New Research Gives Clearest Picture Ever of Global Human Rights Funding
The 2016 edition of Advancing Human Rights: Update on Global Foundation Grantmaking provides a more comprehensive view of the human rights funding landscape than ever before. Released today by the International Human Rights Funders Group (IHRFG) and Foundation Center, the report analyzes 20,300 grants to 12,262 organizations worldwide in 2013. In total, 803 funders awarded $2.3 billion in funding for human rights — a 23 percent increase in giving between 2012 and 2013 among a consistent subset of funders.
For the first time, the research examines bilateral and multilateral funding using data compiled from the Organisation for Economic Co-operation and Development (OECD)'s Creditor Reporting System. Researchers identified 13,721 aid disbursements for human rights in 2013, totaling $3.7 billion. Among the top donors of human rights aid, Sweden led with 14 percent of total giving, followed by the United States (12 percent) and European Union Institutions and Norway (both 11 percent). Afghanistan, Rwanda, Colombia, and Indonesia were top recipients of human rights-related disbursements, each receiving over $80 million. The report's approach to illustrating these data was years in the making and is informed by considerable input from multiple stakeholders, including advisors, funders, and experts at OECD and elsewhere.
Also for the first time, foundation giving has been broken out by strategy to illustrate approaches funded in the human rights space. This new lens on the data highlights 11 strategies supported by human rights grantmaking, including:
Advocacy, systems reform, and implementation (27 percent)
Capacity-building and technical assistance (15 percent)
Research and documentation (13 percent)
By giving funders and advocates a broader perspective of human rights philanthropy, these new data put them in a better position to make informed decisions that strengthen the field. "From Brussels to Cape Town, the philanthropic world is using this knowledge to inform its work," said Mona Chun, executive director of International Human Rights Funders Group. "Whether examining the funding landscape for strategic litigation, exploring the intersection of women’s rights and rule-of-law, or advocating with government actors to increase their rights funding, grantmakers have used this research to find partners, understand cross-cutting themes, and be more strategic in their work."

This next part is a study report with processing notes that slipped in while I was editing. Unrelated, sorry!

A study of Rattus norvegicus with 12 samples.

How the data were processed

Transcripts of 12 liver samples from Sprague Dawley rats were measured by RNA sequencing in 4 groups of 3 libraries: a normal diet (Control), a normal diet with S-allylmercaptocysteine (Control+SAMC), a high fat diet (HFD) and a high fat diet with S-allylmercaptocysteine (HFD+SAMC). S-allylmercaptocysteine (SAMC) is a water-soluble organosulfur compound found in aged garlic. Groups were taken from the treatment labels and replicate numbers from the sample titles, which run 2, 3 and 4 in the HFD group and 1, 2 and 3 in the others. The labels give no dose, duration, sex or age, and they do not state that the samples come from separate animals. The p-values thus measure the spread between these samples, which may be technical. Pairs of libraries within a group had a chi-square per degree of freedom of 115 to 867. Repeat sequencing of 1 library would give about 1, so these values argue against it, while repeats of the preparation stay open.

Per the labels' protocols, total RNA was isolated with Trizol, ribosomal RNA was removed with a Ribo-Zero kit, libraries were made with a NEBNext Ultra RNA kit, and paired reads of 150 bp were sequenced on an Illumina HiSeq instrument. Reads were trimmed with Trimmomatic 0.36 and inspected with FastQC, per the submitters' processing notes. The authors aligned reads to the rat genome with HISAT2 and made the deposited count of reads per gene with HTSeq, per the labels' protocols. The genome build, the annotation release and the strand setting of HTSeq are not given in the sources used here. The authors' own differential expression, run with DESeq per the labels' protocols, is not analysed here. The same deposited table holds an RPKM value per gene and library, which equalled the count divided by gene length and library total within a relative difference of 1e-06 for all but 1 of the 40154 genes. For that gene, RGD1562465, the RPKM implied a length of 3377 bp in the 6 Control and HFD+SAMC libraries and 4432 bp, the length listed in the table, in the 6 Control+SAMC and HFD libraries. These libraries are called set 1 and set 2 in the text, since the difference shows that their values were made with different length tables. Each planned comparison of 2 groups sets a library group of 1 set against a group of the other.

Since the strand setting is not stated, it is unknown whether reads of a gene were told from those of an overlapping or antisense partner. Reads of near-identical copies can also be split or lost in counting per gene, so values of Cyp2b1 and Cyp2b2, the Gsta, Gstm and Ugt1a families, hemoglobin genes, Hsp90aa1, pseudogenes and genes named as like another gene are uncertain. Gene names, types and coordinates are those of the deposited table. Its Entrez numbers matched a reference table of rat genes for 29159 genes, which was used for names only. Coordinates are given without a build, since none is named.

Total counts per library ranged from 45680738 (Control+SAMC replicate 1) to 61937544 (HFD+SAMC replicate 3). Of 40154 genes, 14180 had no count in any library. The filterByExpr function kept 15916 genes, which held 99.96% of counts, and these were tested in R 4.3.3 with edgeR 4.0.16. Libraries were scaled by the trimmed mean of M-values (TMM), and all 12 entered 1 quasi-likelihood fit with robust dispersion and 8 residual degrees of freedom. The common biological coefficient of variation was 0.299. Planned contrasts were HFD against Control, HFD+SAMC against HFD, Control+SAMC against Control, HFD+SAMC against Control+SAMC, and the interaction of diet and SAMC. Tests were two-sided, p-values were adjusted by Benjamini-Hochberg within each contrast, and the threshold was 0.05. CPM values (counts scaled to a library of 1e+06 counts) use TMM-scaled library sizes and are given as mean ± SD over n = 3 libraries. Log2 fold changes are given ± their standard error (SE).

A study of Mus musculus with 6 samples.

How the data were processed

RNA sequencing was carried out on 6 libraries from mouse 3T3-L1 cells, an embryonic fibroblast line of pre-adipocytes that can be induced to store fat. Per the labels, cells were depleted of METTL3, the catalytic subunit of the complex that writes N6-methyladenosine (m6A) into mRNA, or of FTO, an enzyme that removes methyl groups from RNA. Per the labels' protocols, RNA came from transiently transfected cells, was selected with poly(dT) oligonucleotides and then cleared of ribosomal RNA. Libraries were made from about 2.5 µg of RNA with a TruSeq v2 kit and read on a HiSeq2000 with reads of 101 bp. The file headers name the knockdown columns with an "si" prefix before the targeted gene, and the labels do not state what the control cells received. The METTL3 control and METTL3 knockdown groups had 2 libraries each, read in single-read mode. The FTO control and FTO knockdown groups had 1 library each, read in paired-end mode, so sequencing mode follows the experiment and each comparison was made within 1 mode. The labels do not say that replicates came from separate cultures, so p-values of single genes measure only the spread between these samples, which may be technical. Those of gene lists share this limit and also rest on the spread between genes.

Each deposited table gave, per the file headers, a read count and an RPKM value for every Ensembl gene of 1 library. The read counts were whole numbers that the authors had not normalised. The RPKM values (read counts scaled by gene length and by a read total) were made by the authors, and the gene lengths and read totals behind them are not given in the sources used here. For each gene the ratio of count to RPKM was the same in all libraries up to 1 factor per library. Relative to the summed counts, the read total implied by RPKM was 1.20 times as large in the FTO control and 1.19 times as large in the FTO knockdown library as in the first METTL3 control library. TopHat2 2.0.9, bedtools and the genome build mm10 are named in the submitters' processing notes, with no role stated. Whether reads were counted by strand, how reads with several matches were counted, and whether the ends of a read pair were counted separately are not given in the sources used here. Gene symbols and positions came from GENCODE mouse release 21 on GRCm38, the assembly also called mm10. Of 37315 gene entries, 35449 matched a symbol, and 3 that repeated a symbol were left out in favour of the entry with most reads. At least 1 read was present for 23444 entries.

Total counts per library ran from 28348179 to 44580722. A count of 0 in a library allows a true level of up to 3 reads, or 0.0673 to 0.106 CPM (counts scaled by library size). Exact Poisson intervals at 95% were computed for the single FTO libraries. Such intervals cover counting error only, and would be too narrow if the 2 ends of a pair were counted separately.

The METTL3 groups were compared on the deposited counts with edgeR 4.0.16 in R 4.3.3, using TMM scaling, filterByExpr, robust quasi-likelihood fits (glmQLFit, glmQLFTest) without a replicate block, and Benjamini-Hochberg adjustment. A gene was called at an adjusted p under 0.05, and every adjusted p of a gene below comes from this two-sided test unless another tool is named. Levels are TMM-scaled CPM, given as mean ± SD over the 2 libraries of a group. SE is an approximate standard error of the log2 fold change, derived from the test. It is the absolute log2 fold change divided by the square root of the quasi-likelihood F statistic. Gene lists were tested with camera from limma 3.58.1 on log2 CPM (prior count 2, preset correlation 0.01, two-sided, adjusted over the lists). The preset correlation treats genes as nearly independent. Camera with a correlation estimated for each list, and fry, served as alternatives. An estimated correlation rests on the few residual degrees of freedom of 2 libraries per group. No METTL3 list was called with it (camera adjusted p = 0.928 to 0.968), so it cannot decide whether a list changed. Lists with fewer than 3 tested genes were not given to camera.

Advancing Human Rights also explores grantmaking by issue, population, and regional focus. Among the issue areas it analyzes, equality rights and freedom from discrimination benefited from the largest share of funding (15 percent). By population, women and girls were a stated focus of 21 percent of funding, followed by children and youth (19 percent), and migrants and refugees (11 percent).
The research includes grantmaking data from funders spanning 46 countries. Of the top 20 human rights funders by number of grants, ten are located outside of the United States. The three largest human rights funders by grant dollars were Open Society Foundations (U.S.), Ford Foundation (U.S.), and Nationale Postcode Loterij (Netherlands), providing over $250 million each.
The 2016 report is the fourth in an annual series produced jointly by Foundation Center and IHRFG as part of a multi-year effort to track the evolving state of global human rights funding and to create a set of dynamic, interactive research tools to help human rights funders and advocates increase their effectiveness. The first edition of this research was launched in 2013, providing important baseline data to enable tracking trends in human rights funding for years to come.
"Foundation Center's partnership with IHRFG on Advancing Human Rights: Knowledge Tools for Funders is an impressive contribution not only to knowledge sharing within the human rights field, but also for the world of global grantmaking," said Lawrence T. McGill, vice president for knowledge services at Foundation Center. "The initiative has generated an unprecedented amount of international grants data from the philanthropic sector. We’re proud to work together with IHRFG to advance funding transparency and extend the knowledge base for human rights, while also balancing these ideals with security and respect for grantee safety."
In addition to the report, the latest data have been added to the interactive Advancing Human Rights website, which enables funders, activists, researchers, academics, and others interested in human rights funding to explore giving by issue, population, strategy, and region. Looking ahead, the partners plan to release an analysis of giving trends over a five-year period.
The partnership between Foundation Center and IHRFG is strengthened by collaboration with Ariadne - European Funders for Social Change and Human Rights and Prospera – the International Network of Women's Funds. The project is also part of Foundation Center's suite of Knowledge Services, which blends information, analysis, and technology to help funders and others in the social sector make strategic decisions and improve their practice. The Advancing Human Rights initiative is supported by the Ford Foundation, Oak Foundation, Open Society Foundations, and John D. and Catherine T. MacArthur Foundation.
Advancing Human Rights: Update on Global Foundation Grantmaking can be downloaded for free at the Advancing Human Rights website, where visitors can also interact with the data.